The Fisker Karma hybrid breaks down during Consumer Reports test

Rick Moran
This is something that only happens in sit-coms.

The $100,000 electric hybrid car built by Fisker Automotive, was bought by Consumer Reports for some independent testing. What they experienced will be the stuff of legend:

We have owned our car for just a few days; it has less than 200 miles on its odometer. While doing speedometer calibration runs on our test track (a procedure we do for every test car before putting it in service by driving the car at a constant 65 mph between two measured points), the dashboard flashed a message and sounded a "bing" showing a major fault. Our technician got the car off the track and put it into Park to go through the owner's manual to interpret the warning. At that point, the transmission went into Neutral and wouldn't engage any gear through its electronic shifter except Park and Neutral.

We let the car sit for about an hour and restarted it. We could now engage Drive and the same error message disappeared. After moving it only a few feet the error message reappeared and when we tried to engage Reverse the transmission went straight to Park and again no motion gear could be engaged. After calling the dealer, which is about 100 miles away, they promptly sent a flatbed tow truck to haul away the disabled Fisker.

We buy about 80 cars a year and this is the first time in memory that we have had a car that is undriveable before it has finished our check-in process.

American Spectator recently reported that the Karma received a loan from the Energy Department worth over $500 million with $123 million of that going to get the Karma to market. So far, things aren't going well:

Meanwhile, back in Finland, Fisker was having a little trouble meeting its Karma production schedules. Although promised for 2009, the first models did not roll off the assembly line until July 2011. Instead of the 1,300 supposedly already under wraps, the first delivery to the United States consisted of 239 cars. Six months later, when a leak in the cooling system that might cause battery fires prompted a recall, an inventory discovered fewer than 50 cars sold. The rest were still sitting on the lots. To compensate for poor sales, Fisker upped the price to $116,000.

It isn't that a hybrid car is a bad idea. It's that the government is interfering in the market, picking winners and losers while keeping afloat a company that doesn't know what it's doing and makes horrible products. Let the market have its way with Fisker and send it into an ignominious bankruptcy -- a well deserved fate for failed enterprises.


This is something that only happens in sit-coms.

The $100,000 electric hybrid car built by Fisker Automotive, was bought by Consumer Reports for some independent testing. What they experienced will be the stuff of legend:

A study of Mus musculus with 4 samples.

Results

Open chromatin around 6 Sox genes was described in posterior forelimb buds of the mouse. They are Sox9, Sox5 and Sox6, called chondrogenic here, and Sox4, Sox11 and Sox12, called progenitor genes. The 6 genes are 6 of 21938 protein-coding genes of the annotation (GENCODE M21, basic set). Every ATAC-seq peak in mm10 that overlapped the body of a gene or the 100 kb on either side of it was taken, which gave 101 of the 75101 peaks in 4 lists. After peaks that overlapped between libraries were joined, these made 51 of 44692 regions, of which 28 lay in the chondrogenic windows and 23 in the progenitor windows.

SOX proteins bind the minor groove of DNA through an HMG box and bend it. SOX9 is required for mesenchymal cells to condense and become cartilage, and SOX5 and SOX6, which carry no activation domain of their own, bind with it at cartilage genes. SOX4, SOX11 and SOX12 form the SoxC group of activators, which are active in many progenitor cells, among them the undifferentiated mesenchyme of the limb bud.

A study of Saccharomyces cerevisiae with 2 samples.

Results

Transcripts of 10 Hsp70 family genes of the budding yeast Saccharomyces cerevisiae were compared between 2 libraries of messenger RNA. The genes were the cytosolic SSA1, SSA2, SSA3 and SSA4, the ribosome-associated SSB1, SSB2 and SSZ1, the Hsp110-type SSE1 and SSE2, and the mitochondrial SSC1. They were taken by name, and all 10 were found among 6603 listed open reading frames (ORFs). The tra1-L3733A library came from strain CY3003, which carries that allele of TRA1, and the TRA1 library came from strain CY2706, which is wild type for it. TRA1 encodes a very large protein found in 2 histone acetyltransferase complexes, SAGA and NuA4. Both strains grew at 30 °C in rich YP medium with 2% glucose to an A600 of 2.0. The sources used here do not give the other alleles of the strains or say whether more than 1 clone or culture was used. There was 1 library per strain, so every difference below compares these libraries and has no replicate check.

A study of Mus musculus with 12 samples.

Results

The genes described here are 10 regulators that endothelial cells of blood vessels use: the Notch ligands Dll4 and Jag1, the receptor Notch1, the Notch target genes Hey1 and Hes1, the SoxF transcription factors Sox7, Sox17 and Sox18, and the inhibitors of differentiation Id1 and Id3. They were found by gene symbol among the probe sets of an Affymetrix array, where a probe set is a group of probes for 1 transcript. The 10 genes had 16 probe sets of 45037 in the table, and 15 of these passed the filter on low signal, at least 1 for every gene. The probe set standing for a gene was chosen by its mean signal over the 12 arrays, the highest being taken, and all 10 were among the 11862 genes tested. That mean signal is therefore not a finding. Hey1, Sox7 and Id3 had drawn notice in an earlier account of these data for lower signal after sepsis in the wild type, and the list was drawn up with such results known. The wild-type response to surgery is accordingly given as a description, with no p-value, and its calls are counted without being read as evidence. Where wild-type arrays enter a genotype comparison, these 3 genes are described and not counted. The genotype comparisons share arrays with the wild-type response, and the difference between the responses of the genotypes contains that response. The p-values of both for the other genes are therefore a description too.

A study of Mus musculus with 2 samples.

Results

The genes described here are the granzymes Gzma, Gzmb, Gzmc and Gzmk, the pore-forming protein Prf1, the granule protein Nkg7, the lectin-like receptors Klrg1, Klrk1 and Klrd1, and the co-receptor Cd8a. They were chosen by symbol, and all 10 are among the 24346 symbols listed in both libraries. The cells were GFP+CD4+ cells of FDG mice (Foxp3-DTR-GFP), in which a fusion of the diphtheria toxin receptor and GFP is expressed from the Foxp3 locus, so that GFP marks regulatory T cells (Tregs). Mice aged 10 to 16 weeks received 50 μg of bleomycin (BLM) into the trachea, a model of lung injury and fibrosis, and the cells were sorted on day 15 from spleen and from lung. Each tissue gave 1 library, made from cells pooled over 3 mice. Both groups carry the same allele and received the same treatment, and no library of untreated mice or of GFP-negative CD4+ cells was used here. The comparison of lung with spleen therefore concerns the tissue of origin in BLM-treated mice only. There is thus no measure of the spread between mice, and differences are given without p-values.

We have owned our car for just a few days; it has less than 200 miles on its odometer. While doing speedometer calibration runs on our test track (a procedure we do for every test car before putting it in service by driving the car at a constant 65 mph between two measured points), the dashboard flashed a message and sounded a "bing" showing a major fault. Our technician got the car off the track and put it into Park to go through the owner's manual to interpret the warning. At that point, the transmission went into Neutral and wouldn't engage any gear through its electronic shifter except Park and Neutral.

We let the car sit for about an hour and restarted it. We could now engage Drive and the same error message disappeared. After moving it only a few feet the error message reappeared and when we tried to engage Reverse the transmission went straight to Park and again no motion gear could be engaged. After calling the dealer, which is about 100 miles away, they promptly sent a flatbed tow truck to haul away the disabled Fisker.

We buy about 80 cars a year and this is the first time in memory that we have had a car that is undriveable before it has finished our check-in process.

American Spectator recently reported that the Karma received a loan from the Energy Department worth over $500 million with $123 million of that going to get the Karma to market. So far, things aren't going well:

Meanwhile, back in Finland, Fisker was having a little trouble meeting its Karma production schedules. Although promised for 2009, the first models did not roll off the assembly line until July 2011. Instead of the 1,300 supposedly already under wraps, the first delivery to the United States consisted of 239 cars. Six months later, when a leak in the cooling system that might cause battery fires prompted a recall, an inventory discovered fewer than 50 cars sold. The rest were still sitting on the lots. To compensate for poor sales, Fisker upped the price to $116,000.

It isn't that a hybrid car is a bad idea. It's that the government is interfering in the market, picking winners and losers while keeping afloat a company that doesn't know what it's doing and makes horrible products. Let the market have its way with Fisker and send it into an ignominious bankruptcy -- a well deserved fate for failed enterprises.